Best Practices for workflow (while paginating)

Having just finished a major NT volume, I thought I’d write up some thoughts on how I organized workflow. I wrote “best practices” in the topic because that’s a well known phrase, and because “pretty good practices which could probably be improved upon” took too much space. I’m hoping over time that other people do similar things here, so that we can get good ideas for efficiency from each other.

This all takes place after the book was more or less laid out, and my one remaining task was to go through each page and make sure the lines ended at the bottom of the page. This is a step which takes many hours but is extremely repetitive–a great recipe for streamlining!

  1. I didn’t open the Changes.txt file within PTXprint–if you open it in PTXprint and also externally, you have to Refresh after each change. But by doing this I can edit it externally without needing to refresh.
  2. I opened Changes.txt in Notepad++. I then changed the “language” to “Shell”. It’s (obviously) not actually a shell document, but it uses # comment characters and so the visual, colorful markup is very helpful.
  3. In order to isolate my work environment without closing other programs, I moved three things to a new Windows desktop: Notepad++, PTXprint, and Sumatra.
  4. Each time I wanted to add a new change–95% of my changes were simply using the p^95 system to shrink and stretch paragraphs–I hit Ctrl-d in Notepad++ to add a line (I also used lots of other keycommands, but I’d recommend looking them up online as you need them. Ctrl-l (as in llama) deletes a line, etc.)
  5. I used Ctrl-arrow keys to move left and right full works instead of single characters.
  6. I used Alt-Tab to switch between programs, and Ctrl-P to print in PTXprint. My goal was to never touch the mouse or touchpad, and I could get by with that almost always.
  7. I used Book View in Sumatra so that I could see the spread as if the book were open.
  8. I worked on one book at a time, so I wouldn’t have to wait for the entire NT to compile, and when I started a book, I would only print the first 5 or so chapters. If needed after I got to the end of my range, I’d add (so “MAT 1-10”) and if a chapter ever happen to start at the top of an odd page, I would have future runs start from there (so, if ch.6 started an odd page, I would then only print “MAT 6-11”).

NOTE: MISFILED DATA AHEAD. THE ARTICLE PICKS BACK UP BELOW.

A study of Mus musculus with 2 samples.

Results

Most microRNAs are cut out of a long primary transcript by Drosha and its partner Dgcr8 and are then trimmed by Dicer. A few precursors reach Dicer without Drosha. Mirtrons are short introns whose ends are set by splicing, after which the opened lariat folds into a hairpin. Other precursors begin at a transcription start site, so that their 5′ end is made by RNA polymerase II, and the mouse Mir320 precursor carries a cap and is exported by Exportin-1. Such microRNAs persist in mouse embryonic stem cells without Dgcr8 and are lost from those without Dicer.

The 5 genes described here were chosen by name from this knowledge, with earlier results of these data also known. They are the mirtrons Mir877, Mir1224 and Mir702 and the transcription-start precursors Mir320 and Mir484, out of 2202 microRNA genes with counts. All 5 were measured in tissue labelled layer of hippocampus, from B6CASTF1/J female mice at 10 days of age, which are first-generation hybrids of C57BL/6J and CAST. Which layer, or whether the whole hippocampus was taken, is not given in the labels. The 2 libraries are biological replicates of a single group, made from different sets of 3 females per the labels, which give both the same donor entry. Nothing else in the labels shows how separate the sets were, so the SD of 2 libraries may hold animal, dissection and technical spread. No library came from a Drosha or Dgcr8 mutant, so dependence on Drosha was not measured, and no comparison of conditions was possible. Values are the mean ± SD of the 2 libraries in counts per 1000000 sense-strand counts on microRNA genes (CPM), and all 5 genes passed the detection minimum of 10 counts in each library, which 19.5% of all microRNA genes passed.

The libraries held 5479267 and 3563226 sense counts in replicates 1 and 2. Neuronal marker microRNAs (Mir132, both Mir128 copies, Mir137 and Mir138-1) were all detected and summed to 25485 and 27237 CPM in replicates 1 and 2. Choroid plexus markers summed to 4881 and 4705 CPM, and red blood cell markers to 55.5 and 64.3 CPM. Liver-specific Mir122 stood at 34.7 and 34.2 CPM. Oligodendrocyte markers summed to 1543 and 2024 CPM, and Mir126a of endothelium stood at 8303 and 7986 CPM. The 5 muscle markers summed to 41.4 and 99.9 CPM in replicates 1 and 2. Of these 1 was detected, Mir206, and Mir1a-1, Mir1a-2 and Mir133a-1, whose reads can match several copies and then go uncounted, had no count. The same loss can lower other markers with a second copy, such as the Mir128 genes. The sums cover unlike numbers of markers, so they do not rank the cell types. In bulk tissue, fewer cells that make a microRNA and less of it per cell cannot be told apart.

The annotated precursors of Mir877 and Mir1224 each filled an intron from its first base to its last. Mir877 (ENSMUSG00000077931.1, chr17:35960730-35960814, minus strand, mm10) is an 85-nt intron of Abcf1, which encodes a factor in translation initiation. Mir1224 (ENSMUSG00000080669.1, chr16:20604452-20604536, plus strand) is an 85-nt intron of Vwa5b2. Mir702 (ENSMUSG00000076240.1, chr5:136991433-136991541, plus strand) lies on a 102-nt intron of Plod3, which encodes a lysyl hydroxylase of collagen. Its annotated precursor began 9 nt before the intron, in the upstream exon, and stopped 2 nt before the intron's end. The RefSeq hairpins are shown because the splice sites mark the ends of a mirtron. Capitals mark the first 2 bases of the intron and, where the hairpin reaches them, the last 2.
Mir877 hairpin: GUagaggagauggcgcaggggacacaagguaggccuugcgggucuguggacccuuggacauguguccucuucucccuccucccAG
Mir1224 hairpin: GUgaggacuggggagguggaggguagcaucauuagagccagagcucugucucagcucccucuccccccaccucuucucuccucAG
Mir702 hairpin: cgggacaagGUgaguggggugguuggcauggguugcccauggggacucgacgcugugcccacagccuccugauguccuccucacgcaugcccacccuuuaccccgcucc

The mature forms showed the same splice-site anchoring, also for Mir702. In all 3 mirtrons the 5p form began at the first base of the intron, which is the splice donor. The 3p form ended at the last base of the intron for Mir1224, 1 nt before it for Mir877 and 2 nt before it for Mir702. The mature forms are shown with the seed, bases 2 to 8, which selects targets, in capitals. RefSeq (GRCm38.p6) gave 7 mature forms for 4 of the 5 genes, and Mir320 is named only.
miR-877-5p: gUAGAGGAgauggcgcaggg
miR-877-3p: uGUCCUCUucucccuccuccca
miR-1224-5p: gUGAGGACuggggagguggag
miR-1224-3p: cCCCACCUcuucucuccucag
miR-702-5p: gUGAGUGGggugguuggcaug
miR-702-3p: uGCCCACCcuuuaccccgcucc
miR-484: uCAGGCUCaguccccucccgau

9. If necessary at the end of books I’d use Changes.txt to add a blank page, so that books were always even numbers of pages long. This meant that new books always start at the beginning of an odd page (you’ll have to decide if you’re willing to have blank pages sometimes).
  10. I trained my wife to do much of this also, which saved me hours :slight_smile:
  11. As I’ve been writing this up, another idea has come to me! Likely next time I do this I’ll add PTXprint command line call to Notepad++'s macro system, so that I can print the file with a key command from Notepad++ and won’t need to have PTXprint open at all.

Those who use linux might want to look at installing the inotify-tools package, and then you can do something line:

while inotifywait -e close_write shared/ptxprint/PROJECT . ; do sleep 0.5 ; ptxprint shared/ptxprint/PROJECT/ptxprint.cfg ; done

This will run ptxprint every time you save something in shared/ptxprint/PROJECT or the current directory (after a short wait, for things to settle down). Thus all you need to do is save your work and a new version will appear in your PDF viewer.

BTW, for any new users reading this thread… No, you don’t have to do geeky things like this to use PTXprint normally. This thread is particularly suited to geeks who also happen to be using PTXprint, but doing some things in an ‘interesting’ way.

Presumably you could set up something similar to auto-print every time an AdjList or the changes.txt file is updated (and using the -P param, you could run it headless).